Liberia Travel Warning
Issued by US Department of State
Jan 07, 2004
This Travel Warning is being issued to update security information on
Liberia. The Department of State continues to urge American citizens to
defer non-essential travel. This supersedes the Travel Warning of September
There is no effective police force in Liberia at this time, and UNMIL
peacekeepers likely will not be fully deployed for several more months. On
December 7, 2003, the United Nations Mission in Liberia (UNMIL) began its
disarmament program, through which armed combatants exchange their weapons
for payment. The influx of personnel to that site resulted in increased
incidents of armed robbery in the area of the weapons collection zone.
The disarmament program is expected to continue for many months, at multiple
sites throughout the country. For the immediate future, more occurrences of
localized violence are possible, particularly in and around disarmament
Although the Department of State lifted the Ordered Departure status for
non-emergency employees of the U.S. Embassy in Monrovia in September 2003,
the Department of State continues to urge U.S. citizens to defer
non-essential travel to Liberia. The US Embassy has imposed restrictions on
travel outside Monrovia by personnel due to security concerns. Private
Americans who remain in or travel to Liberia despite this Warning should
avoid travel into the interior of the country. The situation in Monrovia
and other areas outside the zones of conflict remains unpredictable, and
resident Americans are urged to exercise caution in their activities.
Airlines continue limited flights into and out of Monrovia, although this
may change periodically.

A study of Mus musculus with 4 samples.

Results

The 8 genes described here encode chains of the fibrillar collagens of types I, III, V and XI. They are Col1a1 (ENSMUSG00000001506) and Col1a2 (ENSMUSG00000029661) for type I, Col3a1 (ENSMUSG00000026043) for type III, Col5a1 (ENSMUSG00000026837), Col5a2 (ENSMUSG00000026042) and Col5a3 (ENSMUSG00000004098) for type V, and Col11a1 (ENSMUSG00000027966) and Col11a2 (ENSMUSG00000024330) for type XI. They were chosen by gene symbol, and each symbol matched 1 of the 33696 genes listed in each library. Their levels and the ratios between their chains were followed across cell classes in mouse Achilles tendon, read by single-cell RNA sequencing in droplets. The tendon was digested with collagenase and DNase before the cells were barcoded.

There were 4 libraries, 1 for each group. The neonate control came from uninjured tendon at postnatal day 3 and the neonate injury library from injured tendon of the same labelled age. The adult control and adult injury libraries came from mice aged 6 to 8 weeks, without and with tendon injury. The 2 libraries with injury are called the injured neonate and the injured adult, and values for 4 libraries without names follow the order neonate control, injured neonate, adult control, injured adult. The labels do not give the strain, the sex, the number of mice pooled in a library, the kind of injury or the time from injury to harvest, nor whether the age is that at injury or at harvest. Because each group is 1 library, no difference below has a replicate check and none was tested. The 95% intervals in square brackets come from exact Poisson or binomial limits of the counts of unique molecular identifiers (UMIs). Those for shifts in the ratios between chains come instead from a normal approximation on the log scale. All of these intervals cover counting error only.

Despite successful peace talks and deployment of ECOMIL forces earlier in
2003, low-intensity fighting between rebel and government forces continues
to flare up in the countryside. Due to the fighting, principal roads to
Sierra Leone and Guinea, and from Monrovia to western Liberia, are often
closed. Travel over many roads has become prohibitively dangerous. There
is also a high threat of violent crime in Monrovia and elsewhere.
The security situation in general, both government and rebel roadblocks, and
the lack of reliable communications systems in Liberia limit the Embassy's
ability to provide assistance to U.S. citizens outside the Monrovia area.
U.S. citizens in Liberia should be aware of their surroundings at all times
and use caution in traveling. Travel anywhere after dark is strongly
discouraged. Owing to the potential for violence, U.S. citizens should
avoid crowds, political rallies, street demonstrations, and any gathering of
security forces. Americans should report any threats or suspicious activity
to the Embassy in Monrovia and monitor the local media for developments that
may affect their safety and security.
The U.S. Embassy in Liberia may temporarily close to the public from time to
time to review its security posture. Americans who remain in Liberia
despite this Travel Warning are strongly urged to register and to obtain
updated information on travel and security in Liberia at the Consular
Section of the U.S. Embassy at 111 United Nations Drive, Mamba Point,
Monrovia, Liberia, telephone (231) 226-370, fax (231) 226-148. Travelers
should also consult the Department of State's latest Consular Information
Sheet for Liberia and Worldwide Caution Public Announcement at
travel.state.gov. American citizens may also obtain up-to-date information
on security conditions by calling 1-888-407-4747 toll-free in the United
States or Canada, and 317-472-2328 from overseas.